Simranjit Singh Mann Calls Bhagat Singh a Terrorist, Faces Attack From All Sides

What The Fork
Little less than a month after handing down a shock defeat to the Aam Aadmi Party (AAP) in the Sangrur Lok Sabha bypolls, hardliner Simranjit Singh Mann is back with his vitriolic statements that have set the political landscape of the state on fire.

Post his Sangrur win, he invoked terrorist Jarnail Singh Bindranwale as a “leader who worked for the Sikh community”.

Now, the 77-year-old politician has termed freedom fighter Bhagat Singh a “terrorist”, stirring up strong reactions in Punjab.

During his interaction with the media in Karnal, Mann, when asked about his earlier statement calling Bhagat Singh a “terrorist”, said, “Bhagat Singh had killed a young, English naval officer, he had killed an Amritdhari Sikh constable, Channan Singh. He hurled a bomb at the National Assembly at the time. Now you tell me whether Bhagat Singh was a terrorist or not?”

The statement has generated widespread condemnation, but the most strident of reactions have come from the AAP that ceded its bastion Sangrur to the IPS-officer-turned Khalistan-sympathising politician. In the past 48 hours, the party has unleashed two of its frontline leaders Gurmeet Singh Meet Hayer and Malvinder Kang to take Simranjit Singh Mann head-on over his statement.

Hayer, while flaying Mann’s remarks, claimed that Bhagat Singh will be declared a martyr for his great sacrifice for the cause of the country’s freedom. On Sunday, Kang went a step ahead, stating the Sangrur MP was trying to cover up the “hurtful” act of his grandfather.

Quoting some historical reports, Kang said Mann’s maternal grandfather Arur Singh, then sarbarah (in-charge) of the Golden Temple, honoured General Reginald Dyer with a “siropa” at Akal Takht after the Jallianwala Bagh massacre in 1919.

Ironically, the Sangrur MP has defended his grandfather. He told the Tribune that his grandfather honoured General Dyer to pacify his anger as the British wanted to conduct aerial bombing in Amritsar. “He did it to save the Golden Temple from bombing on the advice of then principal of Khalsa College GA Wathen,” he told the newspaper.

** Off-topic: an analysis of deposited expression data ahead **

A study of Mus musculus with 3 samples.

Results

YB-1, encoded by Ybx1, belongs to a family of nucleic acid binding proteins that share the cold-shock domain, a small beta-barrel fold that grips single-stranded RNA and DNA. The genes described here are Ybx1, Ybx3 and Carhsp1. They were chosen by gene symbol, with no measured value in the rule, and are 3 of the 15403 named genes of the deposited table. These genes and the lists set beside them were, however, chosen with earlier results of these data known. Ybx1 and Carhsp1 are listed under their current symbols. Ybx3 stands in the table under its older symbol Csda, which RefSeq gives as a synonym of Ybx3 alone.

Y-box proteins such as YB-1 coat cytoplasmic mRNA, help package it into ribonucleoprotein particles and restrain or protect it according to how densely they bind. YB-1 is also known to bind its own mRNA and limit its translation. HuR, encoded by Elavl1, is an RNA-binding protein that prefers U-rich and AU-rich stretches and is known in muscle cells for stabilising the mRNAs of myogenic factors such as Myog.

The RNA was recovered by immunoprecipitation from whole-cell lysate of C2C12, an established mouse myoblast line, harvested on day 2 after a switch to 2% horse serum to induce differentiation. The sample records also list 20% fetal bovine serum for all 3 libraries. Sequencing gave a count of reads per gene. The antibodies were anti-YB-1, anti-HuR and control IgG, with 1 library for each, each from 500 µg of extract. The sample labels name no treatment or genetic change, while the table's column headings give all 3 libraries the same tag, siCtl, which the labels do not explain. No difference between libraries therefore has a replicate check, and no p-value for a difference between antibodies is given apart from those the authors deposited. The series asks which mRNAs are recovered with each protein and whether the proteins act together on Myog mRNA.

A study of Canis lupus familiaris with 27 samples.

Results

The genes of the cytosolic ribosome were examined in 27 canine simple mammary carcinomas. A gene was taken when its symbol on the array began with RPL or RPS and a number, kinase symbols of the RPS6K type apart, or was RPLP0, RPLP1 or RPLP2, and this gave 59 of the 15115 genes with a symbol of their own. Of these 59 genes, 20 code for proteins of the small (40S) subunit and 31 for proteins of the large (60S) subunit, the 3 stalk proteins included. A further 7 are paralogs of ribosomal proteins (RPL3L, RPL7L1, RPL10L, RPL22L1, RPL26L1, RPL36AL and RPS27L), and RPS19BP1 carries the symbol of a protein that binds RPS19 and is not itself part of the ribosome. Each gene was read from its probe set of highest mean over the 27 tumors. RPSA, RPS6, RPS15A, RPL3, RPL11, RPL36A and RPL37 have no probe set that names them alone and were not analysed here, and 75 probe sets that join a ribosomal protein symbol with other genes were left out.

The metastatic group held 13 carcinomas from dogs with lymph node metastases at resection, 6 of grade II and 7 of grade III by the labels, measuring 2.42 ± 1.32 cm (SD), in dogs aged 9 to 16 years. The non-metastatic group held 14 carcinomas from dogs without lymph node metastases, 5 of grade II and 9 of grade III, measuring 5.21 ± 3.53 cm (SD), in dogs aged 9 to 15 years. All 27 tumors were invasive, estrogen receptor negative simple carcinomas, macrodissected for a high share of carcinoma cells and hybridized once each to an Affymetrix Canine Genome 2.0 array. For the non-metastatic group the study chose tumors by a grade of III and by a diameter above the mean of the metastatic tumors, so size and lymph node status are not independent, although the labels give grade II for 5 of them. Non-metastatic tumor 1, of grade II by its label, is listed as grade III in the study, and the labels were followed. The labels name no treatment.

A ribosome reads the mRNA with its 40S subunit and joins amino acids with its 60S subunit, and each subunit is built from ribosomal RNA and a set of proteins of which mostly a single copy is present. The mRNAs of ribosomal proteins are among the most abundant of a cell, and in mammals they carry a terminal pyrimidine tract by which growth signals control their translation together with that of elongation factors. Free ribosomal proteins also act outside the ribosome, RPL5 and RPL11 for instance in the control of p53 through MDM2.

The AAP has trashed these claims. Kang said that Mann was justifying the act of his grandfather with dubious claims. “Arur Singh faced a revolt from Sikhs of Punjab as he was seen as a pro-British Sikh, after the ceremony at the Golden Temple. Mann should not attempt to whitewash his family’s dubious past and should instead apologise for hurting the sentiments of the people. Because Punjabis know the truth and cannot be misled,” fumed Kang.

Even historical facts seem against Mann on this. In his book ‘The Akali Movement’, Prof Mohinder Singh has put forward the conversation between Arur Singh and General Dyer in detail.

“While the country was busy condemning the Jallianwala Bagh massacre and was engulfed in a wave of shock, horror and consternation, Arur Singh invited General Dyer to the Golden Temple and honoured him with a ‘siropa’, declaring him a ‘Sikh’,” Prof Singh wrote.

Observers say that after Mann’s shock win, there has been an attempt by hardliners like the MP to project Bhagat Singh in poor light and glorify terrorists like Bhindranwale for consolidating political gains accrued from a section of hardline supporters in the Malwa region.

“There is no bigger hero than Bhagat Singh. All these attempts will fail eventually,” commented a politician from Malwa.